Russia's anti-doping laboratory chief resigns
The head of Russia's anti-doping laboratory has resigned, hours after it was stripped of its right to test samples.
A World Anti-Doping Agency (Wada) commission had called for a life ban for lab director Grigory Rodchenkov.
In a report released on Monday, Wada accused him of covering up positive doping tests, extorting money from athletes and destroying 1,417 samples before inspectors visited.
Russian sports minister Vitaly Mutko told Russia's Tass news agency that Mr Rodchenkov "took the decision to resign to take all the negatives away with him" as the lab begins a reform process.
Wada suspended the lab's accreditation on Tuesday and said samples will be transported "securely, promptly and with a demonstrable chain of custody" to an alternative Wada-accredited lab.
The announcement came shortly after the International Olympic Committee (IOC) said it would be ready to strip medals from any Russian athletes found guilty by the International Association of Athletics Federations (IAAF) of doping violations.
The IOC has also provisionally suspended Lamine Diack as an honorary member after the former IAAF president was placed under investigation in France on corruption charges.
Mr Diack served as a full IOC member for 15 years until 2014, when he became an honorary member. He stepped down in August as president of the IAAF.
He was detained last week and charged by French authorities with corruption and money laundering linked to the cover-up of Russian doping cases.
Meanwhile, Russian president Vladimir Putin is due to meet the head coach of the country's track federation, two days after the Wada report accused Russia of a vast state-sponsored doping programme.
The Russian track federation said head coach Yuri Borzakovsky, a former Olympic 800-metre champion, will meet Mr Putin at a sports centre in Sochi on Wednesday.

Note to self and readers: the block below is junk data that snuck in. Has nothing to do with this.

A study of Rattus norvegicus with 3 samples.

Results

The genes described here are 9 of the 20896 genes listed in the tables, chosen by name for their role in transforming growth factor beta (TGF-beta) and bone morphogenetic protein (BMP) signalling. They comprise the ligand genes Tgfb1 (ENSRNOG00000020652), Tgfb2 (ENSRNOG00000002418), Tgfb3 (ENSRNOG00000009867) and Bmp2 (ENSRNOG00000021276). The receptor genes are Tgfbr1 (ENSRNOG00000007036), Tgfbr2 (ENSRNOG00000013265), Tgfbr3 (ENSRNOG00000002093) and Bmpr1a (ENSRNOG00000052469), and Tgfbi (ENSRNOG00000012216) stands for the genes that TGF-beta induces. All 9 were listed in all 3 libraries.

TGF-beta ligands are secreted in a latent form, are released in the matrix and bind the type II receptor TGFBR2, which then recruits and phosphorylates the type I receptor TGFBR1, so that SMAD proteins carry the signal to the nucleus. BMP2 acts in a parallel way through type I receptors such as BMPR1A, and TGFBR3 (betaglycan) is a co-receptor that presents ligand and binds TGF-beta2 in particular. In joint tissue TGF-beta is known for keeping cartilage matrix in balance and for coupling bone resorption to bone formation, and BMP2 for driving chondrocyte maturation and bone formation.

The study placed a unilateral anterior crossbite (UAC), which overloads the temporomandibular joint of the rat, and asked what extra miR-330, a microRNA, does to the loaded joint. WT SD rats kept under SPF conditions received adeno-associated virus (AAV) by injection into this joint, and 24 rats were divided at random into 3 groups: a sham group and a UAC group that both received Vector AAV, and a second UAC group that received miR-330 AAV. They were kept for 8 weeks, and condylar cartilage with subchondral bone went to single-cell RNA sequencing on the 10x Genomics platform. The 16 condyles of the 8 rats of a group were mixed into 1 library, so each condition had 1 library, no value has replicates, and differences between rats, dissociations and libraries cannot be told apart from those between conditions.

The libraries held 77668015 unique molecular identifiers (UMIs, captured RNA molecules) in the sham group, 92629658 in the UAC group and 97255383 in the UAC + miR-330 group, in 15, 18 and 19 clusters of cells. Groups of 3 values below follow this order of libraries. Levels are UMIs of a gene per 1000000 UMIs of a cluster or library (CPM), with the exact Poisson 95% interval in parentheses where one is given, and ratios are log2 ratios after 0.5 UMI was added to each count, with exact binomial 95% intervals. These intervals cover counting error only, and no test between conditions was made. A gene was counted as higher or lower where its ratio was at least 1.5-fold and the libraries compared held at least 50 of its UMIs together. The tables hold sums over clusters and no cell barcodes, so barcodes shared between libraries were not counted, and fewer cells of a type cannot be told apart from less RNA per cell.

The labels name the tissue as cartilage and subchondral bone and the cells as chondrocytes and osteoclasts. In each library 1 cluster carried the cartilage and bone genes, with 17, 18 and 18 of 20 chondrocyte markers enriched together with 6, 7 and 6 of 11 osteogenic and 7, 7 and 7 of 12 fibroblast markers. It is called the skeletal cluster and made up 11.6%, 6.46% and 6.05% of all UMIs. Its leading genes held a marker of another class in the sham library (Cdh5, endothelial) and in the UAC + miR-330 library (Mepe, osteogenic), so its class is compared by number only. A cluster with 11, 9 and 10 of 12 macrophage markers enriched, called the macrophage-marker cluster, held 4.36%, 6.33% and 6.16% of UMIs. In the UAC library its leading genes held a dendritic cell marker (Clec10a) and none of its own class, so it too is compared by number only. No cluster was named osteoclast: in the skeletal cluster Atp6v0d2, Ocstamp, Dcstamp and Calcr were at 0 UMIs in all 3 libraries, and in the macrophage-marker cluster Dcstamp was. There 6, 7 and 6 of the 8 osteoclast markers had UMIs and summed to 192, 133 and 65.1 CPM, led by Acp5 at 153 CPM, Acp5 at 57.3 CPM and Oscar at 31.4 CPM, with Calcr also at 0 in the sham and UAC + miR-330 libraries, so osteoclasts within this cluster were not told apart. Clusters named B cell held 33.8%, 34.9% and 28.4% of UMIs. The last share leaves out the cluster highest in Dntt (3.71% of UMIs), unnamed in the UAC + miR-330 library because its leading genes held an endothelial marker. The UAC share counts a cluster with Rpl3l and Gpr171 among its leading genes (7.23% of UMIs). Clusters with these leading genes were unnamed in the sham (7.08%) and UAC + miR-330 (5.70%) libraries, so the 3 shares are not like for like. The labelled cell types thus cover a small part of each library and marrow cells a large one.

While the meeting between Mr Putin and Russian sports leaders was planned as a discussion of preparations for next year's Olympics in Rio de Janeiro, acting federation president Vadim Zelichenok said the doping allegations could be discussed.
Mr Zelichenok said: "There may be a conversation, but not necessarily within the framework of the main meeting."
The Wada report accused Russia of widespread doping and cover-ups affecting track and field athletes, including Olympic medallists.
It said that agents from the FSB intelligence service interfered with the work of a doping laboratory during last year's Winter Olympics in Sochi.
Russian officials fought back against the report on Tuesday, saying it failed to prove its main points and suggesting the existence of a conspiracy to vilify Russia.
Mr Putin's spokesman Dmitry Peskov said: "As long as there is no evidence, it is difficult to consider the accusations, which appear rather unfounded."
Russia has been threatened with suspension from track and field competitions, including next year's Olympics.
Earlier in the day, Mr Zelichenok said in comments quoted by Russian media that the report contains "an element of material made to order", without specifying who might have manipulated the report.
Mr Zelichenok also appealed to the sport's governing body to show "prudence" and allow Russian track and field athletes to compete at next year's Olympics.